03/30/2010 05:12 am ET Updated May 25, 2011

A Better ROI for the World's Poor at Davos

The political, financial and intellectual power present at Davos provides the potential for so much good to be accomplished. The challenge is to make sure that Davos does not become a major disappointment but instead makes real progress towards using these resources to make a positive impact on the world, especially for those that do not have a seat at the table.

This year the participants of the 40th Annual World Economic Forum will be faced with a very ambitious theme: "Improve the State of the World: Rethink, Redesign, Rebuild." One of the major topics that will consume much of the attention of this year's meeting is how to avoid the financial crisis that led to the "Great Recession". While the restructuring of financial markets is indeed an important topic, we must actually focus on this question: How can we provide a better return-on-investment for the world's poor?

The key is addressing micro-nutrient deficiency, also known as hidden hunger. Before you switch-off -- "oh no, not another intractable development related problem" -- addressing Hidden Hunger is a major global problem, but addressing it is relatively simple and the benefits of doing so are massive. In fact, the Copenhagen Consensus, comprised of the world's most prominent economists, has concluded that of the 30 specific solutions to combat some of the world's most pressing problems, addressing micro-nutrient deficiency would be the single best investment. The return-on-investment would be a staggering 1:17; a far greater return for the world's poor than the benefits of improved financial regulations.

Today roughly 2 billion people around the world suffer from hidden hunger; which means they have sufficient calories, but lack the micro-nutrients essential for a healthy and productive life. The affects of hidden hunger are devastating on the individual and society as a whole. Hidden hunger leads to a higher prevalence of chronic diseases, higher mortality rates, high healthcare costs and lower productivity. The World Bank estimates that malnutrition costs developing countries up to 5% of GDP annually, and according to UNICEF there are 60 million children under 5 in India that are stunted because of Hidden Hunger.

So how do we Rethink, Redesign, Rebuild in relation to Davos and Hidden Hunger?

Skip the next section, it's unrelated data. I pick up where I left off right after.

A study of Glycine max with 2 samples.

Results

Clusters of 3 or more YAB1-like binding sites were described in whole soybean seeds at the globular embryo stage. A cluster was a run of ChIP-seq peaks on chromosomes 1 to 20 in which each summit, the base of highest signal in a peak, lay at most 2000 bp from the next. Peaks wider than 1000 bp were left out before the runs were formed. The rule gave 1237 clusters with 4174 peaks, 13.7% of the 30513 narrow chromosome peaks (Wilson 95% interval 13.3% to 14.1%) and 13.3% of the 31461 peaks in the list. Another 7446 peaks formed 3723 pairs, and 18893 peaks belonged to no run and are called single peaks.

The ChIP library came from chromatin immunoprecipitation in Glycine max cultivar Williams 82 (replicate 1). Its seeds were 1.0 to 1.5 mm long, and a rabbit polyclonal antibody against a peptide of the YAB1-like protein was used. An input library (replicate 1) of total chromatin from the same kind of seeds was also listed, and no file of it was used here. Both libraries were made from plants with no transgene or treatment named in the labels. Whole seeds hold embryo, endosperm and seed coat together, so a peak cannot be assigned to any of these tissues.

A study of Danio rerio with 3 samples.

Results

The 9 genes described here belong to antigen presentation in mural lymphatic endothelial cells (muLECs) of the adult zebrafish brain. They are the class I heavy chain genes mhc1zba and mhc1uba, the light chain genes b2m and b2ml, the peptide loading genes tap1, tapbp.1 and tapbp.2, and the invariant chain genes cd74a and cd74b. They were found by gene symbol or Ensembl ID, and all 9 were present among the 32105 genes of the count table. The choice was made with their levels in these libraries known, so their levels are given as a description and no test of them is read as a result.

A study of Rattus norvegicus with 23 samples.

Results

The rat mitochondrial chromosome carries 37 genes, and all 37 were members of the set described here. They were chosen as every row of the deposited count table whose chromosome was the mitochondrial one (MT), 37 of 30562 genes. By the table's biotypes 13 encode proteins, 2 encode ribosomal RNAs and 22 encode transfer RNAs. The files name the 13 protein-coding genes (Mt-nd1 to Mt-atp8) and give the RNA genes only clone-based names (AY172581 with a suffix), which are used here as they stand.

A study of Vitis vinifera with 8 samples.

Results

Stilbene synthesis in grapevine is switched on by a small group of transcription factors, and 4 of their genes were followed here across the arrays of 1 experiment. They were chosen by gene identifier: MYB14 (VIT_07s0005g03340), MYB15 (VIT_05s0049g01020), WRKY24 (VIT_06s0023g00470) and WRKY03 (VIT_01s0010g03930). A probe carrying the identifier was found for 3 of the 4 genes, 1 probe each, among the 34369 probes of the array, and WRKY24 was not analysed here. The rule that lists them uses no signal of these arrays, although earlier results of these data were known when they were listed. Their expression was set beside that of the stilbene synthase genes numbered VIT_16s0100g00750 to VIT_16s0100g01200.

Agricultural reform will be critical but it will take time before these reforms start impacting on yield volumes and food quality. Also variable geographic and soil conditions mean that it will be impossible for agriculture to close the nutrition gap in every country. It is therefore essential that, in the short and long term, agricultural reform is accompanied by ongoing food fortification and supplement programs which are capable of delivering the specific vitamins and minerals required by particular population groups.

To take this forward, a number of things need to happen. Firstly, it's essential for the private sector to become more engaged. We need new forms of partnership which harness the expertise of IGOs and NGOs; the scientific advances of nutritionists; and the innovations and R&D of food and nutrition companies. We must breakdown the silos between private and public sectors, and all the various nutrition related stakeholders, and adopt a more coherent and integrated approach to tackling hidden hunger and delivering nutrition security.

The key lesson from DSM's partnership with the World Food Programme is that when the private sector is really engaged with IGOs on both the product and strategic levels, then real progress can be made. This can be seen in Haiti where DSM has been working very closely with the WFP to provide immediate emergency support and to develop a longer-term strategy for rebuilding the country's nutrition base.

Secondly, to get the private sector engaged and ensure a long-term solution to the problem of hidden hunger, we will need to build a business infrastructure for the development and investment in locally-based food and nutrition markets. To do this, international and national policy makers will need to work closely with business and other stakeholders to ensure that the necessary legal and regulatory frameworks are in place. Practically speaking, this means creating mechanisms through which large multi-nationals can identify and start working with local food manufacturers.

Thirdly, none of this will happen unless there is clear political commitment to address the problem of hidden hunger, which will of course need to be translated into concrete financial commitments. The Global Action Plan on Nutrition has called for $10.3bn per year to be made available. With a 1:17 ROI it's the best seed funding that could possibly be provided to the developing world.

Finally, as a private sector company we believe that what gets measured, gets done. This means setting ambitious, but realistic targets, and ensuring that the different stakeholders are accountable for delivering their part of the Hidden Hunger bargain.

We will certainly be pushing to make real progress and we hope to be joined by a chorus of other stakeholders that are ready to not just start talking but start doing. Only then can we call Davos a true success.